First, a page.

Can you walk us through the steps for a creative brief and pitch for accounts that require multiscreen solutions?”
A good brief contains some immutable items, the first revolving around audience. So, the “Who” is the first thing a good strategist will consider, the psychographics of the people that the solution is supposed to dazzle, communicate to, entertain and connect with. It’s easy to say “everyone of all ages” of course, but it’s another thing to say “groggy commuters heading to work with a coffee, those same people heading home after a long day.” One is just a cut and paste of tech onto a wall or building, the other inspires you to consider the viewer a bit more and how they will respond. Knowing your audience leads to other questions such as “What social media integration should we consider?” and “How digitally savvy is the audience?” These insights early in the process will help to imagine whether or not they have their smartphones handy and how far an idea might be taken.
Context is related to this. When the audience has been identified, the next step is context or “Where.” The spatial design of the installation needs to carefully consider the physical location and relationship to other things around it. Using the earlier example, the solution might be along a corridor, rising up a staircase, next to a glass elevator, or right at the top of the stairs to beguile people as they emerge from a subway (or all of these). Knowing the physical context unleashes the ability to think of more creative solutions, concepts that integrate more into the surroundings and deliver visual stimulus at the moment when it matters. Knowing where the installation will be also helps determine what specific technology and format to recommend. Whether it will be interior signage within a mall, protected and sheltered from the elements; or hardware for an exterior solution that is capable of functioning in sub-zero temperatures in winter and/or in the blazing summer sun.
Which leads to “What.” There are probably preconceptions that potential buyers have regarding a solution, which means that understanding initial expectations is key. The design team may not agree with those recommendations and may want to counter with something else, but it’s critical to vet the requested solution so that your prospect does not sit through the whole meeting thinking, “These people just don’t listen.” Talk about their idea, pros and cons, and then, if you have a superior concept, bring it home during the pitch and try to sell it. Frankly in some cases you are boxed in: specific vendor technologies must be used, space is limited, funds are limited, but your obligation to a client is to deliver the best thinking and to install something from which they will get results.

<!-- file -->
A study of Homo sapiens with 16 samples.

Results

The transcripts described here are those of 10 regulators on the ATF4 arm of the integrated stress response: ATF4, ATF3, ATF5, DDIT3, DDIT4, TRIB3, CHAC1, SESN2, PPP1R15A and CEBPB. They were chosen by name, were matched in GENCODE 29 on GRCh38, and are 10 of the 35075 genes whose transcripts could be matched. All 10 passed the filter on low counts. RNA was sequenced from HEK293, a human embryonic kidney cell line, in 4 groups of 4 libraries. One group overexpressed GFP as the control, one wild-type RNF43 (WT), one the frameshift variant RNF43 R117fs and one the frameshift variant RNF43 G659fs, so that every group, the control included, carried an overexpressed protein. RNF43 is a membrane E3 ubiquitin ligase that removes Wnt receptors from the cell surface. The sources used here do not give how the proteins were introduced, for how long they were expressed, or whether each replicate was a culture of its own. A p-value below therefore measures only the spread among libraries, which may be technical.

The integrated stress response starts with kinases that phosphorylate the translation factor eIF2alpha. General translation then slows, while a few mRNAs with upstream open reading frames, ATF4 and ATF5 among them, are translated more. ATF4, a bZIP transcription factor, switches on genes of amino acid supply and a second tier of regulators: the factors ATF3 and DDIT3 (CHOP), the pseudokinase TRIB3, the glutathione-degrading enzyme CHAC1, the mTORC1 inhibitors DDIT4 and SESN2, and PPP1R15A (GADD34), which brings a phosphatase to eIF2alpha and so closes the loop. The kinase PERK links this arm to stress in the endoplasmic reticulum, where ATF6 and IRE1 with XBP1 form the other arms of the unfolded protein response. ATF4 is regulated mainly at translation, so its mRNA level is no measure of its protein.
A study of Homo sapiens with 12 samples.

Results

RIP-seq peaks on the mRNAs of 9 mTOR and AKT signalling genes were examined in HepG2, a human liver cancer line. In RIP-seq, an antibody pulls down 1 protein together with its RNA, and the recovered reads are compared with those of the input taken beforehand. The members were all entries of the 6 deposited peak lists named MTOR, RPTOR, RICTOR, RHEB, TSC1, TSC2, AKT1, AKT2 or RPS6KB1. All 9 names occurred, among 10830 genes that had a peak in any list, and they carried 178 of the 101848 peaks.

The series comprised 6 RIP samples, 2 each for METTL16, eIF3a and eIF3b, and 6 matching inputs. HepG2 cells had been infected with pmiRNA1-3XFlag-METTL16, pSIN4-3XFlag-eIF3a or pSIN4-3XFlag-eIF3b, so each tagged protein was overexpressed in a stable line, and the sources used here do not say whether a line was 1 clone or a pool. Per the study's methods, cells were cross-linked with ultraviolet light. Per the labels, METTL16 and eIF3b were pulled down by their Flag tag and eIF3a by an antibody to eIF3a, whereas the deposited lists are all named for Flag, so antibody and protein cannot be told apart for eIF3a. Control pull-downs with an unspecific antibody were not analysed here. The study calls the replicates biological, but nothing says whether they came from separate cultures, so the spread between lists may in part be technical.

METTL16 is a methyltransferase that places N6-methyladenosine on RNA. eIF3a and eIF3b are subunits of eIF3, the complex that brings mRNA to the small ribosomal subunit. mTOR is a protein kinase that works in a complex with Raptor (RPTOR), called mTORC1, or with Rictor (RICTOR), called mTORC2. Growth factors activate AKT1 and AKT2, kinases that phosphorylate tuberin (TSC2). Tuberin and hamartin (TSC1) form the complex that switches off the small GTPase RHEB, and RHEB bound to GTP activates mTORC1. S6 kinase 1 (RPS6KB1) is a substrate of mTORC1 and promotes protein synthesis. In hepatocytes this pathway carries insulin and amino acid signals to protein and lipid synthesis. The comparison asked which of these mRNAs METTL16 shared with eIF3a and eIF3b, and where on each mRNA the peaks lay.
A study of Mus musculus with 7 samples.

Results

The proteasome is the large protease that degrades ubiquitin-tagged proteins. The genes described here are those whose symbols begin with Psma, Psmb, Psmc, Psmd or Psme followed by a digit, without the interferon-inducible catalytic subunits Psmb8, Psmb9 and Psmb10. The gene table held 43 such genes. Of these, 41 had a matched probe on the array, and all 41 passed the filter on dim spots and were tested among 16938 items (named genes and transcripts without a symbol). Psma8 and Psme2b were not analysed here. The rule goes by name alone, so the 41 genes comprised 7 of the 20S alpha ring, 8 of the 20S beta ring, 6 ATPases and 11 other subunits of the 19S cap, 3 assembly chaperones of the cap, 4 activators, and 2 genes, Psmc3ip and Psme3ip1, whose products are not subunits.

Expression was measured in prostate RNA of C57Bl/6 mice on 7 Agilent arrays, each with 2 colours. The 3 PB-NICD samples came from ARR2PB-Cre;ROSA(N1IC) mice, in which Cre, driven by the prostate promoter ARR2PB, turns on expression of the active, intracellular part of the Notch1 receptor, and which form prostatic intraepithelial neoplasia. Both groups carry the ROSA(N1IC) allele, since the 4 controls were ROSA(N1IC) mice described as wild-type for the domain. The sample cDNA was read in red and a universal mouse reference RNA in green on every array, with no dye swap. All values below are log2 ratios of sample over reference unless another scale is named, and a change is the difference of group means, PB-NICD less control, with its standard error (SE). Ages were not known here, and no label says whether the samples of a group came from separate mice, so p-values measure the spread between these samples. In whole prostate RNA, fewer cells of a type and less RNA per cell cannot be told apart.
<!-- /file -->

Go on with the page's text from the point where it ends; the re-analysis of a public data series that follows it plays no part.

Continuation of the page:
Speaking of results, a good brief will clarify exactly how success will be measured, beyond delivering the job on time and under-budget. Smart signage and sensors allow measurement of how long people stop and dwell, whether they are looking at the signage or not, even what they may be feeling while they look. This type of real-time sentiment analysis is brand new so any recommendation should include paths to measurement. Having solid metrics enables the optimization of content and promotions to keep the solution relevant day and night.
Clarifying what type of CMS will be used is important (as some are more powerful than others, and should be part of any recommendation where it is not yet a baked-in requirement). Clients may already have a platform in place, so it is critical to know this ahead of time. Being able to day part the content or advertising can have significant impact on the results. That is why it is also important to know which solution may have already been discussed (preconceptions) before recommending another. The brief should also make it clear who is responsible for content. Will it be part of an ad network where there is little control, or something more artful where mood and tone and brand are more the priority and the execution is to be created in-house or must be created as part of the installation or in collaboration with another agency. All of these possibilities help to determine how a solution is going to be put through its paces.
If there are already timing and budget constraints in place, those should be clearly communicated of course, but it’s not the best place to start to get a team thinking creatively.
The approach for a pitch differs depending on the company’s capabilities and the talent on the project. It is preferable to have spatial design comps of some kind to help illustrate the concept direction: using photographs of the space can simulate the installation and the content on the screens so clients truly understand the impact of what they are getting. Easy tools like Google’s Sketchup (https://www.sketchup.com) allow creation of animated fly-through scenes that bring the full vision to life dramatically without high expense. If the stakes are high and its possible, prototype the solution physically so that a client can literally see it or a portion of it in action. In the past some of our clients have created spaces where they can beta test installations and get a sense of the dynamics and flow. This is the surest way to land an idea, though it requires that much more scoping investment and time to put on a good pitch.
Any brief should answer the classic Who, What, Where, Why, When and How questions. The pitch should respect the preconceptions of others, but ultimately the concept should deliver the results clarified in the brief.